A malicious, criminal division of an otherwise legitimate Chinese tech company is behind a mobile malware distribution campaign that currently generates around $300,000 a month, according to an in-depth threat analysis by Check Point Software Technologies.

The malware, called HummingBad, was initially discovered in February 2016, and is known to root Android devices, primarily for the purpose of generating revenue through fake ad clicks and fraudulent app installations. Check Point claims that Yingmob, a Chinese mobile ad server and analytics business, is developing and distributing this malware through a special corporate division of 25 employees known as its Development Team for Overseas Platform. Yingmob's more benign operations allegedly shares its ample technology and resources with this malicious department.

During its analysis of the HummingBad malware code, Check Point uncovered notifications to Umeng, a tracking and analytics service used to manage Yingmob's campaigns. Researchers found nearly 200 apps referenced on this control panel, about 25 percent of which are malicious in nature. According to Check Point, almost 85 million devices have installed at least one of these 200 apps, while approximately 10 million devices specifically downloaded a malicious one.

Further analysis revealed that the HummingBad malware installs over 50,000 fraudulent apps daily. Due to its allegedly criminal tactics, Yingmob also displays over 20 million ads per day, yielding more than 2.5 million clicks – resulting in an unusually high click rate of 12.5 percent. With an average revenue-per-click of $0.00125, Yingmob makes more than $3,000 daily in clicks alone, while earning another $7,500 per day from fraudulent app installations, the report continues.

“This is the first time we were able to look into the back-end of a cybercriminal campaign and see how much money they actually generate,” said Michael Shaulov, head of mobility product management at Check Point, in an interview with “I would assume as this campaign continues it will just increase.”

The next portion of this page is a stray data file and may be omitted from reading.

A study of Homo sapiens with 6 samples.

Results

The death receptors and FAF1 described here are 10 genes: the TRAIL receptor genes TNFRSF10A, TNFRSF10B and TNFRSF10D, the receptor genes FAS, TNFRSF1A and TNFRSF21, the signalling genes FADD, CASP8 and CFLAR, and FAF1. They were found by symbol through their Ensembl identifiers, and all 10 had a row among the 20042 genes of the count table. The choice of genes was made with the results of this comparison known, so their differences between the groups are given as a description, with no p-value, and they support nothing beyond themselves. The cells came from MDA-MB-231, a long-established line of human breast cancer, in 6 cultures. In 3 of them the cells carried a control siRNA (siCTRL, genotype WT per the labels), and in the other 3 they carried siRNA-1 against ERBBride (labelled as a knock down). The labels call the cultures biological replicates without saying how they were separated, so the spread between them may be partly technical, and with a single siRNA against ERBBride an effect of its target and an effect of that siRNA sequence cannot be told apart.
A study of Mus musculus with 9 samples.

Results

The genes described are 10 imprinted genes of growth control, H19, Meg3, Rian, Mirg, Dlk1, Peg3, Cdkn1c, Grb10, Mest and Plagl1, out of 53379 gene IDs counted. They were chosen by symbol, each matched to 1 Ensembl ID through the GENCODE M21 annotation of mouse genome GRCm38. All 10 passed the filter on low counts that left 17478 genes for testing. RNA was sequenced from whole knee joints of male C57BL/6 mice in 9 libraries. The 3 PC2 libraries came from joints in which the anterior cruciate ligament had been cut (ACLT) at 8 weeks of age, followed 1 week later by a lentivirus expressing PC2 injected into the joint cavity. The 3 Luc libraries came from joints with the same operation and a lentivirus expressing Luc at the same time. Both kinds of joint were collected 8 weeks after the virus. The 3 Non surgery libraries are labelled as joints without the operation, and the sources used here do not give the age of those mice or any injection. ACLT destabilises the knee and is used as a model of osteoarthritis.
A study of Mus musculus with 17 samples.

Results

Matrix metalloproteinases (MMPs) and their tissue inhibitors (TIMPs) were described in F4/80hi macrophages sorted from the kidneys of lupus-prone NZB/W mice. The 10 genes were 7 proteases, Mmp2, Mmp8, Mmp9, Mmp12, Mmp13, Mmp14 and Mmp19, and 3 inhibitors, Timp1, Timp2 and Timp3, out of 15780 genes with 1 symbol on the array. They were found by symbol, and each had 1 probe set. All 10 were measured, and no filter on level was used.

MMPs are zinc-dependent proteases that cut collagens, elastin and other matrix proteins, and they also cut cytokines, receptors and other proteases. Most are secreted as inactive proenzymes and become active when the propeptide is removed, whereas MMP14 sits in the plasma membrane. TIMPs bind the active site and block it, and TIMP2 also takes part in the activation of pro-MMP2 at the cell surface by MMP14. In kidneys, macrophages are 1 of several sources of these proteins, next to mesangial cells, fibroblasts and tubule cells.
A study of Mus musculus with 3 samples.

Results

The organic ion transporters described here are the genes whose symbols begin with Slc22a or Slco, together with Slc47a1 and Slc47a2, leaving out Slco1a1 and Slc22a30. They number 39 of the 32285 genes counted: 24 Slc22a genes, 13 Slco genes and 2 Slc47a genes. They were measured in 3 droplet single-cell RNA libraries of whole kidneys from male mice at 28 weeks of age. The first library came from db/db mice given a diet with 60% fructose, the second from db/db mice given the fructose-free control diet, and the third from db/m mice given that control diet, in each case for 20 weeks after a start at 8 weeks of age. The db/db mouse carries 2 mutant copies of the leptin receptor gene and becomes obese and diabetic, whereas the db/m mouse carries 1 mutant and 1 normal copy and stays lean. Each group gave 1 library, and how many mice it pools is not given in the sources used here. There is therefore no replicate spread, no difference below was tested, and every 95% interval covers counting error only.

Check Point first made the connection between Hummingbad and Yingmob after an analysis of malware samples led to the Chinese company's repositories. Yingmob has already been associated with iOS malware known as Yispecter, and according to Check Point, these campaigns share the same command-and-control server addresses, among other similarities.

Of the 10 million-or-so Android devices found to be infected by HummingBad, about 16 percent belong to users in China (or about 1.6 million devices). India had the next most infected devices (approximately 1.35 million), while the U.S. was eighth with 286,800.

Though financial gain via fraud is the attacker's primary motivation, Check Point warned that HummingBad's rooting capabilities essentially gives adversaries the power to conduct even more damaging campaigns in the future.

For the infected, “The scary part is that there is a backdoor that now can be utilized by any other cybercriminal group” that might partner with Yingmob and piggyback on their work, said Shaulov. These additional cybercriminal campaigns could then potentially steal banking credentials, eavesdrop on users or use devices as bots to carry out distributed denial of service attacks.

Bradley Barth

As director of multimedia content strategy at CyberRisk Alliance, Bradley Barth develops content for online conferences, webcasts, podcasts video/multimedia projects — often serving as moderator or host. For nearly six years, he wrote and reported for SC Media as deputy editor and, before that, senior reporter. He was previously a program executive with the tech-focused PR firm Voxus. Past journalistic experience includes stints as business editor at Executive Technology, a staff writer at New York Sportscene and a freelance journalist covering travel and entertainment. In his spare time, Bradley also writes screenplays.